While Susanna, the fair Hebrew wife of Joakim, was taking a bath in her garden, two lustful elders secretly observed the young beauty and were overwhelmed with passion for her. When she was on her way back, the lecherous voyeurs stopped her, demanded sex and threatened that, if she does not agree to their proposal, they would testify against her for having illegal sex with a young man in the garden. Susanna refused to be blackmailed and as a result, she was arrested and was about to be put to death for promiscuity. Finding no way out, helpless young Susanna started to pray for divine help.
At that stage, a young man named Daniel interrupted the proceedings, and demanded that the elders should be questioned before taking any final decision about the fate of the accused. Accordingly, the two elders were separated for cross-examination. While describing the scene, one of the elders said that they were under Mastic, while the second said they were under an evergreen Oak tree. The inconsistency in the narration proved that the accusation was false, hence the false accusers were put to death, and virtue triumphed.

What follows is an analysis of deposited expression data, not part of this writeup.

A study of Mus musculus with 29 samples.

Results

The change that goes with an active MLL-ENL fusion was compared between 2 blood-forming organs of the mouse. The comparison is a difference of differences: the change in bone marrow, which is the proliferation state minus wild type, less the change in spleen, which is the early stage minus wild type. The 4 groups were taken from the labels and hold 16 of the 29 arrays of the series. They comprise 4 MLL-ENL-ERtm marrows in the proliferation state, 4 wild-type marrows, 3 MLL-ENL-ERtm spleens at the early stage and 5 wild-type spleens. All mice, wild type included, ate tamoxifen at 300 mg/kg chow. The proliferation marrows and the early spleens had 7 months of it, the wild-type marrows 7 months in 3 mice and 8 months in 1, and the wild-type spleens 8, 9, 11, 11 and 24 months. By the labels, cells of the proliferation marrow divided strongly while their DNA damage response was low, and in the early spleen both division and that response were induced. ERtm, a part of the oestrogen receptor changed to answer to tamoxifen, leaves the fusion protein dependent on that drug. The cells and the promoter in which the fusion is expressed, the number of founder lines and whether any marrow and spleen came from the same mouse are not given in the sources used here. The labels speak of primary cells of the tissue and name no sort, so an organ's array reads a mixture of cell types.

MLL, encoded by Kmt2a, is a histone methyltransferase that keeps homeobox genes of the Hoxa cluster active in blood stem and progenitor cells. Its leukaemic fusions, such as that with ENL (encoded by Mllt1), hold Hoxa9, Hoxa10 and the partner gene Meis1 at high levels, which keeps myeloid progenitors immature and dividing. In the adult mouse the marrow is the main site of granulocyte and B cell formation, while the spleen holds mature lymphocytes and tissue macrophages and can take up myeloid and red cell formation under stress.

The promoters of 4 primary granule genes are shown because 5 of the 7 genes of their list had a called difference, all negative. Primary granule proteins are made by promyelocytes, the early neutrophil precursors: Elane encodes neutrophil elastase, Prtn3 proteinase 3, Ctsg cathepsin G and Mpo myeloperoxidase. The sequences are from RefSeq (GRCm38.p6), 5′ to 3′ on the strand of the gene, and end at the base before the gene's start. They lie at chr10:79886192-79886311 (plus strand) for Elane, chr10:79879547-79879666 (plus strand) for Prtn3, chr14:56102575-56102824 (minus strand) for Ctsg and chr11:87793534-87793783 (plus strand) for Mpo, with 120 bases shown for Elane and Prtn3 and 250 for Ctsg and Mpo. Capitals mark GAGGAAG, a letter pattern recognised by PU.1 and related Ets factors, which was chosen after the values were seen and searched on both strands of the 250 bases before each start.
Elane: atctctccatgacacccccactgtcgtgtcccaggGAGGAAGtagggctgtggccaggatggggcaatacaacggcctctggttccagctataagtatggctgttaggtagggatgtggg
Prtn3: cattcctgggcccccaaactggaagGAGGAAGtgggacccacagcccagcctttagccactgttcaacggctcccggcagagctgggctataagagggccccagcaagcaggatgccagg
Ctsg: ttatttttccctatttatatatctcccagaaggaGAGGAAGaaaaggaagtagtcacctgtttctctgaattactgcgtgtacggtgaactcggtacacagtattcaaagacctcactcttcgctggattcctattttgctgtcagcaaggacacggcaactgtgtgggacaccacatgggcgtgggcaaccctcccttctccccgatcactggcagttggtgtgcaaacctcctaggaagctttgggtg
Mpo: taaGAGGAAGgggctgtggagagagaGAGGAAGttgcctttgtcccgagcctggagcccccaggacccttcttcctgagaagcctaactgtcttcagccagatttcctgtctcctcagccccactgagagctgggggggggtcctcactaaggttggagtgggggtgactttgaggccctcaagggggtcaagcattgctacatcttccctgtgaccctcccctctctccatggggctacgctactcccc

The story of Susanna or Shoshana and the elders is included as one of the supplementary parts of the Book of Daniel. The brief, self-contained story appears in Greek but not in Hebrew manuscripts of the Book of Daniel. Most modern editions of the Bible include it among the unauthentic additions as Daniel 13.
The Bible was the eternal source of inspiration for the old masters and the episode of Susanna and the Elders is not an exception to it. The story of Susanna was frequently painted from about 1470.
It was the subject of painting of many reputed artists, which included, among others, Tintoretto (Italy),Guido Reni (Italy), Peter Paul Rubens (Flemish), Artemisia Gentileschi (Italy), Rembrandt (Holland), Giuseppe Bartolomeo Chiari (Italy) and Sebastiano Ricci (Italy). Some of them emphasized the drama in the story, while others concentrated on the nudity.
Unlike the statue-like images of classical art, American artist Thomas Hart Benton (1889-1975) painted a modern edition of Susanna in 1938, in which he consciously included pubic hair.